Can Ford’s new CEO turn the car(maker) around?

Bob Moon Sep 6, 2006


SCOTT JAGOW: If you’re the CEO of Ford, and your name is Ford, I imagine it’s pretty hard to see your company struggling so much under your watch. Bill Ford’s been at the helm for five years. He’s the great-grandson of Henry Ford. But yesterday, Bill Ford said he’s stepping down to let someone else run his company. That someone else is a top Boeing executive, who helped turn his company around. Marketplace’s Bob Moon has more.

BOB MOON: They had to ask and appearing before reporters, the newly-chosen CEO of Ford had to own up to it. Alan Mulally sounded a bit chagrined.

ALAN MULALLY:“OK, I . . . I drive a, uh, Lexus today and I can’t wait to own a Ford car.”

Uncomfortable laughter from Bill Ford, who will remain the struggling carmaker’s chairman, but Mulally has a serious challenge: moving the carmaker toward more Japanese-like designs.

MULALLY:“We’ll continally work the fuel-efficiency and the product line, especially the automobile side, to complement the great position that Ford is in the trucks and the SUVs.”

But what really needs to be “Job One” at Ford, as University of Maryland business professor Peter Morici sees it, is curbing “out of control” labor costs that he blames on the United Auto Workers union.

PETER MORICI: “The new CEO has enormous challenges in front of him. No one has successfully renegotiated a UAW contract to the degree and scope that is necessary. I believe that they need to cut their labor costs in half.”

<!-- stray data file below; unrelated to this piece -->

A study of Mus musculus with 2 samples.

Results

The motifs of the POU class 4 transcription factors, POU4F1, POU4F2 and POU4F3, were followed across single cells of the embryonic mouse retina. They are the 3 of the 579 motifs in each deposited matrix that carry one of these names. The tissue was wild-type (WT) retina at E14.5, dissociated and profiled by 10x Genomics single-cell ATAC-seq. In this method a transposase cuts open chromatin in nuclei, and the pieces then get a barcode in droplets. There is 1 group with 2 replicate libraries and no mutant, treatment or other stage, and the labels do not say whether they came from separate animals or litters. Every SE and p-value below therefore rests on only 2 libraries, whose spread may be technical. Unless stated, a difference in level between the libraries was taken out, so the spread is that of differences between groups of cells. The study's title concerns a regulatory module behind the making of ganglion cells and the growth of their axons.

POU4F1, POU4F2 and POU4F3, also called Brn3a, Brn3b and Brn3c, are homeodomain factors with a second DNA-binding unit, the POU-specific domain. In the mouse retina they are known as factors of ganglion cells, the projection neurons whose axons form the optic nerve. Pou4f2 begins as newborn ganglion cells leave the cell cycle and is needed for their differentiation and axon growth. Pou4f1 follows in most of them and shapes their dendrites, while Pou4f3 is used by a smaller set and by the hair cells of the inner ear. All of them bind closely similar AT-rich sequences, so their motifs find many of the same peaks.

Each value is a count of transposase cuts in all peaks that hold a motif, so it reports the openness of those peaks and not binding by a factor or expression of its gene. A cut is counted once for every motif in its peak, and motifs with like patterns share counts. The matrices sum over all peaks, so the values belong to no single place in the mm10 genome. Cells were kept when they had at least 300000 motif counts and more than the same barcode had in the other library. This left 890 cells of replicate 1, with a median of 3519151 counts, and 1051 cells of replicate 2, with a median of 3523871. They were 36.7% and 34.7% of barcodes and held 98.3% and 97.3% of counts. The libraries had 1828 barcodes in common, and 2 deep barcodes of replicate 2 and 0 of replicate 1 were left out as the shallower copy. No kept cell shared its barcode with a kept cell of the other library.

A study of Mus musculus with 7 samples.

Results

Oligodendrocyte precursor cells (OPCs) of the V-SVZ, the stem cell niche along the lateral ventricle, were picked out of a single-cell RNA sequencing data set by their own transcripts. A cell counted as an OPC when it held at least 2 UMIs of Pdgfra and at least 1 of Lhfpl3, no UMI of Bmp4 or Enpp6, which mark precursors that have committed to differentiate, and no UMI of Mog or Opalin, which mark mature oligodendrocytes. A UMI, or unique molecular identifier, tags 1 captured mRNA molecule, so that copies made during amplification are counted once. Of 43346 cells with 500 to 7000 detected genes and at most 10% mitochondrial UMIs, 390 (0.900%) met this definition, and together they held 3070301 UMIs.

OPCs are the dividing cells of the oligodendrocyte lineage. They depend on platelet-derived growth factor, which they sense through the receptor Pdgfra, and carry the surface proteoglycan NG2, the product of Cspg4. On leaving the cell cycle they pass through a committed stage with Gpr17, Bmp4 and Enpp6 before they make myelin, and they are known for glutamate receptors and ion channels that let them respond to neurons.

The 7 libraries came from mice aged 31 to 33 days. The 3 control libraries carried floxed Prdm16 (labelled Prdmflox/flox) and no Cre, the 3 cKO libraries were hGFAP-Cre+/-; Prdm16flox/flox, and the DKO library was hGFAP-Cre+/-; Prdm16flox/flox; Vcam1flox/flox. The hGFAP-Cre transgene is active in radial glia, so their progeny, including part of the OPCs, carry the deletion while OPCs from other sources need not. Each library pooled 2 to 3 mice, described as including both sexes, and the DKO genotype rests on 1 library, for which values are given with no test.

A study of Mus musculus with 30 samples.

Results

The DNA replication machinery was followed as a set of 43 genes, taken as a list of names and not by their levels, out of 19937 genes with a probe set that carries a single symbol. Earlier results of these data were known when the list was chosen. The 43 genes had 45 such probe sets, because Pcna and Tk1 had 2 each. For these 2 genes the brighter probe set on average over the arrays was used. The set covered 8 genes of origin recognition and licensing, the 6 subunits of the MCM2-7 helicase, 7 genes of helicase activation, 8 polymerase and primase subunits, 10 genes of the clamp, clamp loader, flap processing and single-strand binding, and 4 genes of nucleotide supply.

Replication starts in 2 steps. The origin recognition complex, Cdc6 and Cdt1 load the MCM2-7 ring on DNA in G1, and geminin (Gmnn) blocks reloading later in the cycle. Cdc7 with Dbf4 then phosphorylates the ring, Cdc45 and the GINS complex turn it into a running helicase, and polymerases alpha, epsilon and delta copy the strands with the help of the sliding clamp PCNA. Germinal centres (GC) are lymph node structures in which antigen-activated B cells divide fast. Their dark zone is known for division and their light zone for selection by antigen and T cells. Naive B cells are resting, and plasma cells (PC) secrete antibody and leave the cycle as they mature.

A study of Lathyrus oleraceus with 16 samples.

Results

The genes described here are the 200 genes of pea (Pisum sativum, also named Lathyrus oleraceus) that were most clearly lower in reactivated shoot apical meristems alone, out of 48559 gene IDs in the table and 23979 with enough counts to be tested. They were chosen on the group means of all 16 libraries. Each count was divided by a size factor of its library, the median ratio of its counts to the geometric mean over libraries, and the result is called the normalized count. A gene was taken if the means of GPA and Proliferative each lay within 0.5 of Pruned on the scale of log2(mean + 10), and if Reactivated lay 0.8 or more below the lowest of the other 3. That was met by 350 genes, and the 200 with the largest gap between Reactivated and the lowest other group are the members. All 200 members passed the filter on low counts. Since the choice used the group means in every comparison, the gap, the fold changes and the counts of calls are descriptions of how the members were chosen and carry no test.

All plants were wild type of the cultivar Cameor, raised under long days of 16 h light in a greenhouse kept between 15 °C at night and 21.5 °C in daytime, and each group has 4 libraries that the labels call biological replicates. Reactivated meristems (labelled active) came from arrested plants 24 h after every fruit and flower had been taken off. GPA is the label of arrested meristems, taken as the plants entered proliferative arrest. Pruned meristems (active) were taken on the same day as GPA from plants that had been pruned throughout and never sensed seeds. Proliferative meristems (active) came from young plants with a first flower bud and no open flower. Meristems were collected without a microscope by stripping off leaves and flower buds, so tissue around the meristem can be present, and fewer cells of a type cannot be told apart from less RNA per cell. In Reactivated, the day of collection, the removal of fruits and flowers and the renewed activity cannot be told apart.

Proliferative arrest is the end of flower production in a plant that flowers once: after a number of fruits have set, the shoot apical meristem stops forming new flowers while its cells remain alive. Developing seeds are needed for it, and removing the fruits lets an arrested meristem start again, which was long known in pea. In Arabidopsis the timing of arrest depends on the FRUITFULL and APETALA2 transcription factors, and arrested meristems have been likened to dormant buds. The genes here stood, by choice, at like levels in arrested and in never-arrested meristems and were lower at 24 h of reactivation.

Morici says the new CEO has no choice if he wants to ensure the carmaker’s very survival.

Alan Mulally is largely credited with correcting Boeing’s troubled course in recent years, and Bill Ford says that’s exactly the kind of CEO he’s been looking for to breathe new life into his namesake company.

BILL FORD:“I thought we could absolutely benefit from the leadership of somebody who had been through those tough times and had led a team through them successfully.”

After 37 years at Boeing, Mulally resisted at first, but has become convinced he could, indeed, bring some better ideas to Ford:

MULALLY: “The symbolism and the parallelism between Boeing and Ford just stood out.”

Both companies have faced intense foreign competition. And the head of the Center for Automotive Research, David Cole, says there’s other good experience that Mulally can bring over from the aerospace industry:

DAVID COLE: “There are many similarities to the auto industry: Very complex manufacturing, very complex labor relations issues, and what Boeing has gone through in the last few years is a very significant restructuring. They were in trouble a few years ago, and Alan was very much a part of that restructuring to turn the company around.”

Mulally himself cites one other key qualification, saying he cares deeply about having a viable business.

In Los Angeles, I’m Bob Moon for Marketplace.